Tips for creating hair in Houdini 17.5
These tips are for grooms, so have been written with fur in mind, but most of them are all-purpose. Artists ranging from beginners to mid-advanced in Houdini will be able to use these tips, but note that this is not the step-by-step guide. You should know the Houdini interface, basics of creating guides and hair, brushing it and editing.
Houdini comes out with three shelves for creating and manipulating hair and fur. The tools from Hair Utils shelf are for setting up hair and fur objects, jumping between object nodes, and setting up animation and simulation. The Guide Process shelf contains the procedural tools for styling hair.
01. Set fur direction with curves
Use the Curve Advect tool from the Guide Process shelf to set the direction of the fur. By drawing curves on the surface, you can paint directions for the whole character. Start with a few general curves for each bigger part of the body and then draw a smaller one for a more detailed result. If your creature is short-haired, you may not need to use the grooming brush at all.
02. Separate grooms
Use polygroups to create guides on regions of the animal, then combine them with Merge Groom Objects from the Hair Utils shelf. This’ll let you use the Isolate Groom Parts tool to speed up the process. You can create guides on every polygroup, or make guides on the mesh, set initial direction,then copy the Guide Generate object node and pick the polygroup for each copy.
03. Resample hair
Short hair on the nose doesn’t have to have the same amount of segments as the fur on the tail, so generate hair with resampling geometry from the first input (HAIRS) in the Hair Generate object node for saving time and memory. Use the resample node, turn on the Maximum Segment Length option and find the best value for your groom. Turn on points visibility to see the hair points.
04. Generate clumps
This is the crucial part of the hair generation if you want to get natural looking hair. Go to the Hair Generate object node. Then increase Fractal clumping iterations to get multiple iterations of clumping with smaller clump sizes. Even if your character has straight hair turn on the curling with the very small amplitude and low frequency value. This maintains subtle hair displacement.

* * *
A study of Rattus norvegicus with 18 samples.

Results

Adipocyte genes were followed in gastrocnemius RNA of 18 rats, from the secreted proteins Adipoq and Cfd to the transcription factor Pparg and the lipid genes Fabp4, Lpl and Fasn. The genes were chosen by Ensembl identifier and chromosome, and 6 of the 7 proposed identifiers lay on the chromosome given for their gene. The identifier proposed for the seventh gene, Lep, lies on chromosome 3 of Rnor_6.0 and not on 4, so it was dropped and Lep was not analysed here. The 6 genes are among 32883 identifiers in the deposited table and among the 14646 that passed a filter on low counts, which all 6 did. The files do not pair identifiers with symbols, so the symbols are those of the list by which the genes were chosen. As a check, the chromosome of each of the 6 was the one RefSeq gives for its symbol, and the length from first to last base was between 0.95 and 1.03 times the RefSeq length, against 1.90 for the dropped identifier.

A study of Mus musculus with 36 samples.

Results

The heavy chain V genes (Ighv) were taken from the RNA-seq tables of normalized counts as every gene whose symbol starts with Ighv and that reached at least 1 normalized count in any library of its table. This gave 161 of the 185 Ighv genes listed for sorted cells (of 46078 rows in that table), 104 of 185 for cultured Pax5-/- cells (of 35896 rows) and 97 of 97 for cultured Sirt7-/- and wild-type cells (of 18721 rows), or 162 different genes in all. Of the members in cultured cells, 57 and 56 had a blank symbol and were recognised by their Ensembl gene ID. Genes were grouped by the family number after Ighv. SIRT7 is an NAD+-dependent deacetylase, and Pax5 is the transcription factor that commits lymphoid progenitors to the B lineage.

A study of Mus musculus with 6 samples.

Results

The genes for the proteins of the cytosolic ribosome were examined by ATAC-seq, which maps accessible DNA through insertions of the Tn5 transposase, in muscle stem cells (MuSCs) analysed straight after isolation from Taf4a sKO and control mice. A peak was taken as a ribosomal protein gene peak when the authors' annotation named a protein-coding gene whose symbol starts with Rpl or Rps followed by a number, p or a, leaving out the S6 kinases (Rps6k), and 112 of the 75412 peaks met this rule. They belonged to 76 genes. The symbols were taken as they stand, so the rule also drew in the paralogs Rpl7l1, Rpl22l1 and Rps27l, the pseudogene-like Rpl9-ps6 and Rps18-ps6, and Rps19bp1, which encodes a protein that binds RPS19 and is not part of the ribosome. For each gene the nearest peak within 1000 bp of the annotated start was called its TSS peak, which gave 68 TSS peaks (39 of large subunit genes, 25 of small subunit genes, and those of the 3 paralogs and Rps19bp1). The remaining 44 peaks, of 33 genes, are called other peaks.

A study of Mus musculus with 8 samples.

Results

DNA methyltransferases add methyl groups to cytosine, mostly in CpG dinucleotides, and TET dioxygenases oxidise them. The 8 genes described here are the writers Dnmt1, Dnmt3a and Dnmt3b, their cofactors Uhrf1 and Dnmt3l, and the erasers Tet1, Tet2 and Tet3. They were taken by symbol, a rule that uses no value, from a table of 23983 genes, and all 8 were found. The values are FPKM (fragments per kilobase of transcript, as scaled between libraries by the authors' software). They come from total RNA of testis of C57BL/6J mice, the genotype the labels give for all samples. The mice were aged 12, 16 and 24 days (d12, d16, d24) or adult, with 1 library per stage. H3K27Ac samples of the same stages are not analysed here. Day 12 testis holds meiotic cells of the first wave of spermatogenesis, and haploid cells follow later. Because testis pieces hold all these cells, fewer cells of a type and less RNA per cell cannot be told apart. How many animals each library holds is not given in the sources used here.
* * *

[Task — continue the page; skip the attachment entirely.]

05. Play with length
Use the Guide Process node and multiply the length by a random value, minimum of 0.8, and maximum 1.2 or similar values. Sometimes you may get too short on some areas (for example on the nose) by random processing or guide grooming. Here is a simple solution – use another guide process node and then set the minimum hair value you want your hair to be.
06. Apply bend randomize
Another random process that’s important if you want to get natural looking fur is hair bending. For most of the animal fur, the proper bend angle is a negative value. The higher random angle will provide more randomization and give a messy look. Paint a skin mask if you want some parts of the body to be less affected by the bending effect. For more precise bending control use a curve mask ramp.
07. Use frizz mask
Using the frizz mask effect will help get realistic results, no matter the subject. In the Hair Generate object node use Guide Process node with frizz operation and noise mask. Put a higher noise frequency and change the Gain and Bias to get a black result with single red hairs (red ones will be affected). By clicking the plus icon in the Operations tab, you can add another operation for the same mask.
08. Enact object collision
You can use vdb not only for guide collision with the skin but also objects like clothes. Ensure object collision is a closed mesh. If not, use a polyfill to close holes or polyextrude for clothes without thickness. Create VDB in the same geometry node and use Object Merge node to reference it to the guide or hair node. Put the Guide Collide with VDB node on the end of the tree and plug the VDB to the 4th input.
This article was originally published in 3D Artist magazine. Buy issue 134 now (opens in new tab).